Some of the most popular small cars sold in India, including Maruti Alto 800, Tata Nano, Ford Figo, Hyundai i10 and Volkswagen Polo, have failed crash tests, showing high risk of life-threatening injuries in road accidents, according to Global NCAP.

According to tests done by Global NCAP, an independent charity based in the U.K. focused on consumer-orientated vehicle safety initiatives, these cars received zero for adult protection ratings in a frontal impact at 64 km/hour.

The combined sales of these five cars account for around 20 per cent of all the new cars sold in India last year, Global NCAP said.

According to the Society of Indian Automobile Manufacturers, total domestic car sales stood at 18.07 lakh units in 2013.

Global NCAP Chairman Max Mosley said: “Poor structural integrity and the absence of airbags are putting the lives of Indian consumers at risk. They have a right to know how safe their vehicles are and to expect the same basic levels of safety as standard as customers in other parts of the world.” India is now a major global market and production centre for small cars, so it was worrying to see levels of safety that were 20 years behind the five-star standards now common in Europe and North America, he added. When contacted, spokespersons of the companies named said their products met Indian safety norms. According to the findings, in Maruti Alto 800, Tata Nano and Hyundai i10, the vehicle structures proved inadequate and collapsed to varying degrees, resulting in high risks of life-threatening injuries to the occupants. “The extent of the structural weaknesses in these models was such that fitting airbags would not be effective in reducing the risk of serious injury,” it said.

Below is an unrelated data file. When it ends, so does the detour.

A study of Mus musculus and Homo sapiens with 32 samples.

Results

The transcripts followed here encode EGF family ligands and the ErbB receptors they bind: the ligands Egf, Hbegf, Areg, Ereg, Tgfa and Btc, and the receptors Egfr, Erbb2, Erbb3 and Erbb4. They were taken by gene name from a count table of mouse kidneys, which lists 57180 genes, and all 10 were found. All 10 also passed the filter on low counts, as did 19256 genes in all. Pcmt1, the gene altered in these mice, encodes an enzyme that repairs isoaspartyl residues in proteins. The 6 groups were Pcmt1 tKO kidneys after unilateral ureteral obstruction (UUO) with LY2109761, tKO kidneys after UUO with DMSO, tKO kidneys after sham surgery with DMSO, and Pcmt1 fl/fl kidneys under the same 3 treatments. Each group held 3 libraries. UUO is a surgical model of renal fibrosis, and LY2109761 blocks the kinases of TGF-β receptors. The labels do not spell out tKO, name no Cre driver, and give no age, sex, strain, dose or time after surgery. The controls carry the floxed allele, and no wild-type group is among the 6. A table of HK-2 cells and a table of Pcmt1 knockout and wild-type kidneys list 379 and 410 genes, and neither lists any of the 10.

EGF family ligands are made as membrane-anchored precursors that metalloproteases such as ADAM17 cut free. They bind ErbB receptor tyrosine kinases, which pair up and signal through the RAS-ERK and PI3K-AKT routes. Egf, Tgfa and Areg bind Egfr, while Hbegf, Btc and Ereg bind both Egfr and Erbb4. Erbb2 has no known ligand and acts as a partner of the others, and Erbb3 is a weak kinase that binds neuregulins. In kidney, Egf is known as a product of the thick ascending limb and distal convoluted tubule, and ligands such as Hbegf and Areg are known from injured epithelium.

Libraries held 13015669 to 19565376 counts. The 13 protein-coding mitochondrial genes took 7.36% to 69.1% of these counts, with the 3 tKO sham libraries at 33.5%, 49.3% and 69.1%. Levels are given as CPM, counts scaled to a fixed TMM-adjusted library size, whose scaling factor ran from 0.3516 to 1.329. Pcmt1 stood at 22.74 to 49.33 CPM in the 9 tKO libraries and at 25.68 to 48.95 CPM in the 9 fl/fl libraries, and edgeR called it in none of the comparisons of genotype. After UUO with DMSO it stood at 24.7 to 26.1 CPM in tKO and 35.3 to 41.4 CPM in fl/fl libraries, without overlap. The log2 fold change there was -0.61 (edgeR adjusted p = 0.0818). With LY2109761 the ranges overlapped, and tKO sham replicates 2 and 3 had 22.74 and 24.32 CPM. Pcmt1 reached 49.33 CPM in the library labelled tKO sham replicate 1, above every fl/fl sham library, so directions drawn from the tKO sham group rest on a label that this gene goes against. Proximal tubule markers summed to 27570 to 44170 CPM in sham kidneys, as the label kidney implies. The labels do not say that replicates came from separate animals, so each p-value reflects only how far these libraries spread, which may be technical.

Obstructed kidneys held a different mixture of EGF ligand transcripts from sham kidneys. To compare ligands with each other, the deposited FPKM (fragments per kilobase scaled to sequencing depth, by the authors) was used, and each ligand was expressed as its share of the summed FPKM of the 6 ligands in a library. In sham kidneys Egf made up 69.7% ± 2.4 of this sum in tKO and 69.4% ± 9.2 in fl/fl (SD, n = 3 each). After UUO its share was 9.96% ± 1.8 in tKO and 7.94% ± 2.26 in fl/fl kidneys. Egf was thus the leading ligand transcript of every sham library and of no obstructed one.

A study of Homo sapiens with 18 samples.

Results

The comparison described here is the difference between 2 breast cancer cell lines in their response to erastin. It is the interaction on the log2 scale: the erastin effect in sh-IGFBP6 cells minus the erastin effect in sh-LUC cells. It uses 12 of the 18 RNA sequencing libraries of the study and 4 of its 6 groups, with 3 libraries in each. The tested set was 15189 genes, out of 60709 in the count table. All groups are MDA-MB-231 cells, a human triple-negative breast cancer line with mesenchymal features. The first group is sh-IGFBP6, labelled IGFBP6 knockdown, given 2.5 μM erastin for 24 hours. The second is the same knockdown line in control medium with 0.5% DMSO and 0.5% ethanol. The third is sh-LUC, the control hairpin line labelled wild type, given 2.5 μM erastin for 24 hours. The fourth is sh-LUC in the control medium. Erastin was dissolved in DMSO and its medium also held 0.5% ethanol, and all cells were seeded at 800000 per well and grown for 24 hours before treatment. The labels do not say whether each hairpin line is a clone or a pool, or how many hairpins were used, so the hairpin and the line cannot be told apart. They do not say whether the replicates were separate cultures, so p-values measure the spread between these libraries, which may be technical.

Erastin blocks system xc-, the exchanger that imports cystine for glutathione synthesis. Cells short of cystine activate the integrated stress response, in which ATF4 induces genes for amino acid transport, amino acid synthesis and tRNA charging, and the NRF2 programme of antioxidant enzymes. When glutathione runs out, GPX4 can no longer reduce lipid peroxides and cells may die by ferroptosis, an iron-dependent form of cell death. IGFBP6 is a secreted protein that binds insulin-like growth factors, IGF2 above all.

Stable structure

Ford Figo and Volkswagen Polo had structures that remained stable — and, therefore, with airbags fitted, protection for the driver and front passenger would be much improved, it added.

Global NCAP said it also assessed the same models against the UN’s basic crash test of 40 per cent offset frontal impact test at 56 km/hour, now widely applied by major manufacturing countries and regions, including Australia, China, the European Union, Japan and Malaysia. “All but one of the cars tested failed to pass even this minimum standard,” it said.